September 03, 2014 08:17
The United Nations Food and Agriculture Organization says more than 1 million Somalis are in need of humanitarian assistance, and at least 200,000 children under the age of five are acutely malnourished as drought hits southern and central Somalia.
The UN's food and nutrition analysis agency (FSNAU) warns that the humanitarian recovery and gains made two years ago may be lost as poor rains, a cycle of violence and reduced aid assistance threaten the lives of millions of Somalis.
Agency Chief Technical Advisor Daniel Mola said the people of southern and central Somalia need humanitarian assistance and livelihood support in the next four months as they wrestle with crop failure and conflict.
"Projections indicate that combination of poor rainfall, increased cereal prices as the result of conflict, but also because we had a poor below-average harvest last year and poor harvest prospects this year. So we now have over one million people that are acutely food insecure and need urgent humanitarian assistance until the end of the year," said Mola.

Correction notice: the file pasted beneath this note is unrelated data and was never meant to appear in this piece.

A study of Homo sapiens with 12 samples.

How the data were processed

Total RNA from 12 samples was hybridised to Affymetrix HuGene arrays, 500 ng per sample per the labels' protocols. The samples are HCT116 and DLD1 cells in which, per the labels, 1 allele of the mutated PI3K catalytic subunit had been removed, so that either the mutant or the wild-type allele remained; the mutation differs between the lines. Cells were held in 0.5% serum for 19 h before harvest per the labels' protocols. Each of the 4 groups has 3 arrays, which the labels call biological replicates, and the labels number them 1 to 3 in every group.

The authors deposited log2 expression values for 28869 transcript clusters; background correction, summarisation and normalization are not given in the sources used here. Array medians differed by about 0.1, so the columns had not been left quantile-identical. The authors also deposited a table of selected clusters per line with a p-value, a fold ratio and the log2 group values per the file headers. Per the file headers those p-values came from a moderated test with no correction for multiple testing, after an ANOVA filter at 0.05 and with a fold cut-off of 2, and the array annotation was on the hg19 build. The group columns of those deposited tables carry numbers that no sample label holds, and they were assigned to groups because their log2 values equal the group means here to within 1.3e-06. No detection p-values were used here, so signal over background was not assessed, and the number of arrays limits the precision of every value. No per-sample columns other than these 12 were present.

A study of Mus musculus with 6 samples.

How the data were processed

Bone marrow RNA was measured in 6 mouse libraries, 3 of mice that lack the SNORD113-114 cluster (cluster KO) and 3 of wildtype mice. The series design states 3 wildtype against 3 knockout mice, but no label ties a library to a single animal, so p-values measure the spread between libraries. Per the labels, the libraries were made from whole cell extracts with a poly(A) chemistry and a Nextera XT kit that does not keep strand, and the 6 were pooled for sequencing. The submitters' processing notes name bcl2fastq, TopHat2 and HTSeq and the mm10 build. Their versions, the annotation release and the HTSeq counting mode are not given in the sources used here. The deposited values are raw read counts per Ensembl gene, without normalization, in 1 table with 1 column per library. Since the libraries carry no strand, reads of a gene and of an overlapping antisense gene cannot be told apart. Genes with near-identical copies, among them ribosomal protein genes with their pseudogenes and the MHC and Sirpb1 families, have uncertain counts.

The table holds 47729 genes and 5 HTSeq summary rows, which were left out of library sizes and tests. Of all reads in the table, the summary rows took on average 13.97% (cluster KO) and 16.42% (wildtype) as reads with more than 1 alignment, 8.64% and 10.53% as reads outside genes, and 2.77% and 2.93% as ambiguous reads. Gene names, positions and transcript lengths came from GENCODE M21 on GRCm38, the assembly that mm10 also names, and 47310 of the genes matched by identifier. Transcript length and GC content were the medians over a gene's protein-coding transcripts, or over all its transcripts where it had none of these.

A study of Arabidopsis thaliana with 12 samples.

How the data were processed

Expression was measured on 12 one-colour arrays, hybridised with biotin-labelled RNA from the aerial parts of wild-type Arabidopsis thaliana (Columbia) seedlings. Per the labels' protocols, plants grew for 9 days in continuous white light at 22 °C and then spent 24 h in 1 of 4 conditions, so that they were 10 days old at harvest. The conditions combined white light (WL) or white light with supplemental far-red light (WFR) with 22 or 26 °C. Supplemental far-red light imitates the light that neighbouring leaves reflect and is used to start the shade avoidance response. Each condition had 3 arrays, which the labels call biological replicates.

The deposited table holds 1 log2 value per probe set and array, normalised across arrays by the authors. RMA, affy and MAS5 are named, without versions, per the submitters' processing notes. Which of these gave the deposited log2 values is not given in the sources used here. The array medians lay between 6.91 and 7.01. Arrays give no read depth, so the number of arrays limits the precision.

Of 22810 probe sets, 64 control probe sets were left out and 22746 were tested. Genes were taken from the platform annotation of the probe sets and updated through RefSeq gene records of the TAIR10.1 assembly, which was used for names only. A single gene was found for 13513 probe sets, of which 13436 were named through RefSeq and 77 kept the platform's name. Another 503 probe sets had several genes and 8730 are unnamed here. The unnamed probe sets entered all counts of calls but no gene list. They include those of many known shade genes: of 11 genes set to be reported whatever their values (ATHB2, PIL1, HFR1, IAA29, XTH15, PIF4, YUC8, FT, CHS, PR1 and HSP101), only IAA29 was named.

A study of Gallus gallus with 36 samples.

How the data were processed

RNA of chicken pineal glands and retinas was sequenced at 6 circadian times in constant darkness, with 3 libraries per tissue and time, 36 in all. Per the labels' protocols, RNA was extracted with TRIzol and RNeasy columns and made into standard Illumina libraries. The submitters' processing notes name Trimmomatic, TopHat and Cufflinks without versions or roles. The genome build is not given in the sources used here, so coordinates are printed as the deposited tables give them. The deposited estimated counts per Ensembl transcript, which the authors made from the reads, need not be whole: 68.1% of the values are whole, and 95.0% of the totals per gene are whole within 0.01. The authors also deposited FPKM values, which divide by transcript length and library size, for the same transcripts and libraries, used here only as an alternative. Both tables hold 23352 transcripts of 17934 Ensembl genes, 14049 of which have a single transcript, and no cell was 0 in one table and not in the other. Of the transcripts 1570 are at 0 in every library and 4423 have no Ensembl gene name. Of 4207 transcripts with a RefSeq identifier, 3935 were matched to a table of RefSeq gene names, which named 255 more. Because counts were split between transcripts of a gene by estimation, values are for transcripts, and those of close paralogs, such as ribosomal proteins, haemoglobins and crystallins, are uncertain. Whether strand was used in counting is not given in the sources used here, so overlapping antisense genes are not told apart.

The report also warns more than 43,000 Somali children are at risk of dying from hunger and one in seven under five years are acutely malnourished.
In 2011, the UN declared famine in some regions of Somalia after more than a quarter of a million Somalis, mostly children, died of hunger.
Mola called on aid agencies and the international community to respond now before the situation worsens.
"Although there is no imminent risk of famine now, but we should remember that even back 2010-2011, half of the people -- an estimated 260,000 people - died before famine was declared in July 2011. So we don't have to wait -- donors and the humanitarian community do not need to wait to famine declaration to start responding," said Mola.
Since the last crisis, Somali insurgent group al-Shabab has lost ground in the face of a concerted military push by African Union troops and Somali government forces.
In some cases, the group has blocked roads to towns it lost in an effort to cut off incoming supplies.
On Saturday, AU and Somali forces launched an offensive to take more ground from the group in areas it controls, especially the port town of Barawe, the insurgents' last remaining financial hub and the route used to ship weapons.
Late Monday, U.S. forces carried out an airstrike targeting al-Shabab commanders in the Lower Shabelle region as part of the effort to weaken the group's capabilities.
Security observers hope that this time around, humanitarian agencies will be able to access more areas than in 2011, when the militant group controlled much of south and central Somalia, making the work of aid workers more difficult.